Chechens Repel Assault on Stronghold : Caucasus: Russians, facing ‘overpowering fire,’ are beaten back from presidential palace. Confusion reigns in devastated capital. In Moscow, official vows fight will continue.
Chechen militants making a final stand Sunday inside the shell-riddled remains of Grozny’s presidential palace managed to beat back the Russian forces fighting doggedly to take full control of the rebel capital’s center, Russian officials said.
Hand-to-hand fighting for the palace, seat of the rebel Chechen government, was reported for the second day. In contrast to earlier reports, however, military sources told the Interfax news agency that Russian troops had not managed to penetrate the nine-story building.
The Russian attackers met “overpowering fire,” the agency said.
The prolonged failure to take the palace added to the overall humiliation the Russian military has suffered since it sent thousands of troops into Chechnya on Dec. 11 to break the Muslim region’s 3-year-old bid for independence.
Ill-prepared Russian soldiers sent on New Year’s Eve to take the city bogged down disastrously, and the continued push to take the capital is believed to have cost the Kremlin far more dearly than the latest official casualty count of 500 troops dead.
Still, the Russian government persisted Sunday, determined to wring victory from its Chechen offensive. Sergei V. Stepashin, the director of the Federal Counterintelligence Service, told Interfax that the principal Russian goal is still to take full control of the city center.
Stepashin, the Russian equivalent of the head of the FBI, said that federal troops control many of the blocks in Grozny and that pro-Moscow Chechens will soon begin setting up police stations there to maintain order.
But Grozny, a city of 400,000 that has now turned into such a grim wasteland that Russians compare it to the World War II battleground in Stalingrad, clearly remains a confusing patchwork of rebel- and Russian-controlled territory.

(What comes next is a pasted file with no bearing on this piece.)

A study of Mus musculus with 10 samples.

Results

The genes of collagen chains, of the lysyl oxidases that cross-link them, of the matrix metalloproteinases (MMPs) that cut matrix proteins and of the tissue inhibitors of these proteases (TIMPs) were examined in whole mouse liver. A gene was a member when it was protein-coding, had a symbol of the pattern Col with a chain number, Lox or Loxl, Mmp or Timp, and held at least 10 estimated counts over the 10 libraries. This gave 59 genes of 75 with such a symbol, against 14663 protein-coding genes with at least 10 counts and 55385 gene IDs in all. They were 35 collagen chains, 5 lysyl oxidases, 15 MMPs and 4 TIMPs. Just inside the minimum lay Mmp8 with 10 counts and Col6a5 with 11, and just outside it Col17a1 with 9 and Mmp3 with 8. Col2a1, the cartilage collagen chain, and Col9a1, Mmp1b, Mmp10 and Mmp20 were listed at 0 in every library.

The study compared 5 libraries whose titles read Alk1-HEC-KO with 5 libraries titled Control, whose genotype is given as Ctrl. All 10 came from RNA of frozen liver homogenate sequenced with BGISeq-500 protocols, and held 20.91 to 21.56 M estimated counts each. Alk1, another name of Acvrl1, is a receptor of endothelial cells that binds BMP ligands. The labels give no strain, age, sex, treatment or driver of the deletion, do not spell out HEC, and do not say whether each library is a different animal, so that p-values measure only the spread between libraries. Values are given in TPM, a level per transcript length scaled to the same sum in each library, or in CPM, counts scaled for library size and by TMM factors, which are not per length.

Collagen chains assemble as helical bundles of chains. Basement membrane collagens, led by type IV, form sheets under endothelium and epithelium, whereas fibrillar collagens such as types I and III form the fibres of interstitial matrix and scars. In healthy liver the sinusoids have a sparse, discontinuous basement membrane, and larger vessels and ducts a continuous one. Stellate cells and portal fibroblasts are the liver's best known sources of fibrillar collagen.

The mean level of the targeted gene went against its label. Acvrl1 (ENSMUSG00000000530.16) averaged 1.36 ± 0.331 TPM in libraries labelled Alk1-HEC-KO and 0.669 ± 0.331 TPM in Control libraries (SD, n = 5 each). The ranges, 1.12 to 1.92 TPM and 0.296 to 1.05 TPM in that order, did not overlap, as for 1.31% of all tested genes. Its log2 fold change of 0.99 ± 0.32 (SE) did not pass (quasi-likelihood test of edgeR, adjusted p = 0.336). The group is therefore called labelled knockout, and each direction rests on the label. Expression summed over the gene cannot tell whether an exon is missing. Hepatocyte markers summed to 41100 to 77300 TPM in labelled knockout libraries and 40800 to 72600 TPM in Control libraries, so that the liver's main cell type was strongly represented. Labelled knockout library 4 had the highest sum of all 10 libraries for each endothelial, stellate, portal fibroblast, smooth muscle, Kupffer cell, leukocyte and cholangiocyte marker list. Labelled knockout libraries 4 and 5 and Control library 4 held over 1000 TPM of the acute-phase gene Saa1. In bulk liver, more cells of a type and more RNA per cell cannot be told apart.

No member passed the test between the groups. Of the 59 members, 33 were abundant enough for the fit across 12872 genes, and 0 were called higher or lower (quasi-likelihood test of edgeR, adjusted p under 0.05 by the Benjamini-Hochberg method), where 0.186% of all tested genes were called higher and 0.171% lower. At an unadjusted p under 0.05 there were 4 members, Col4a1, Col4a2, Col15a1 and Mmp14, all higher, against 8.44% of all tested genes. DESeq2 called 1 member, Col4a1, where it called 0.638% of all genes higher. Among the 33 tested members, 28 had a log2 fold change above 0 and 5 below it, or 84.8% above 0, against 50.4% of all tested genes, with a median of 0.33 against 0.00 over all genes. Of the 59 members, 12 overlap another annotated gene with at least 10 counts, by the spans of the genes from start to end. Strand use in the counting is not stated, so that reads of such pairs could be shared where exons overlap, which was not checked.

Russia’s NTV network reported that “it is practically impossible to say who is in control of certain districts of Grozny. The front line--if it exists at all--changes every minute, mostly due to the numerous salvos of Russian artillery.”
Russian officials claimed that Chechen rebels are running low both on ammunition and on people to continue the fight, but on Sunday there appeared to be a steady flow of militants out of the central city--to their homes on the outskirts, where they could rest--and back in.
The militants’ defiance does not seem to be flagging, and Chechen leaders have sworn that even if the presidential palace falls, they will launch an extended guerrilla war against the Russian troops.
“It seems that those who remain in the presidential palace are determined to die there,” a Russian officer who refused to give his name told Reuters correspondent Anatoly Verbin at the Mozdok air base, the Russian offensive’s command point.
Chechen President Dzhokar M. Dudayev maintained his bravado despite a special blow: His son Ovlur reportedly died last week of wounds received while defending Grozny. Few details were available as to how he died, but he had been reported wounded at the town of Argun more than a week ago.
In Moscow, more than 1,000 people gathered at central Pushkin Square on Sunday to protest the war and listen to Russian liberals such as Mikhail Molostvov, a Parliament deputy who recently returned from Grozny.
“Russian soldiers have become the hostages of the war,” Molostvov told the crowd. “Village boys were taken to Mozdok in trains, put into tanks without explanations and stupidly thrown in to attack the presidential palace. . . . All it takes is for a single Chechen to rise from the ruins of a house in front of the column and hit the first tank with his grenade launcher and the tank is on fire, and the kids die in the fire.”
In Washington, Secretary of State Warren Christopher said he will push the Kremlin to halt the fighting in Chechnya when he meets Tuesday with Russian Foreign Minister Andrei V. Kozyrev in Geneva.
“I’ll be urging him to stop the war as soon as possible; I will be urging him to seek reconciliation in Chechnya, to take into account the attitudes of the Chechen people,” Christopher said on the NBC-TV program “Meet the Press.”
He said that the Clinton Administration will continue to back Russian President Boris N. Yeltsin as long as he moves in the “right direction” toward democracy, but he also called the Chechnya crisis a major setback for Russian reforms.
Christopher may be in for a sharp conversation with Kozyrev, who has taken an increasingly nationalist line in support of the war.
As world censure of the offensive in Chechnya mounts, international aid has also begun to flow in.
A planeload of emergency supplies from the United Nations landed Sunday in the North Ossetian capital of Vladikavkaz, just outside Chechnya, carrying 42 tons of blankets, soap, plastic sheeting and medical supplies to help refugees. Tons more were expected to arrive Tuesday.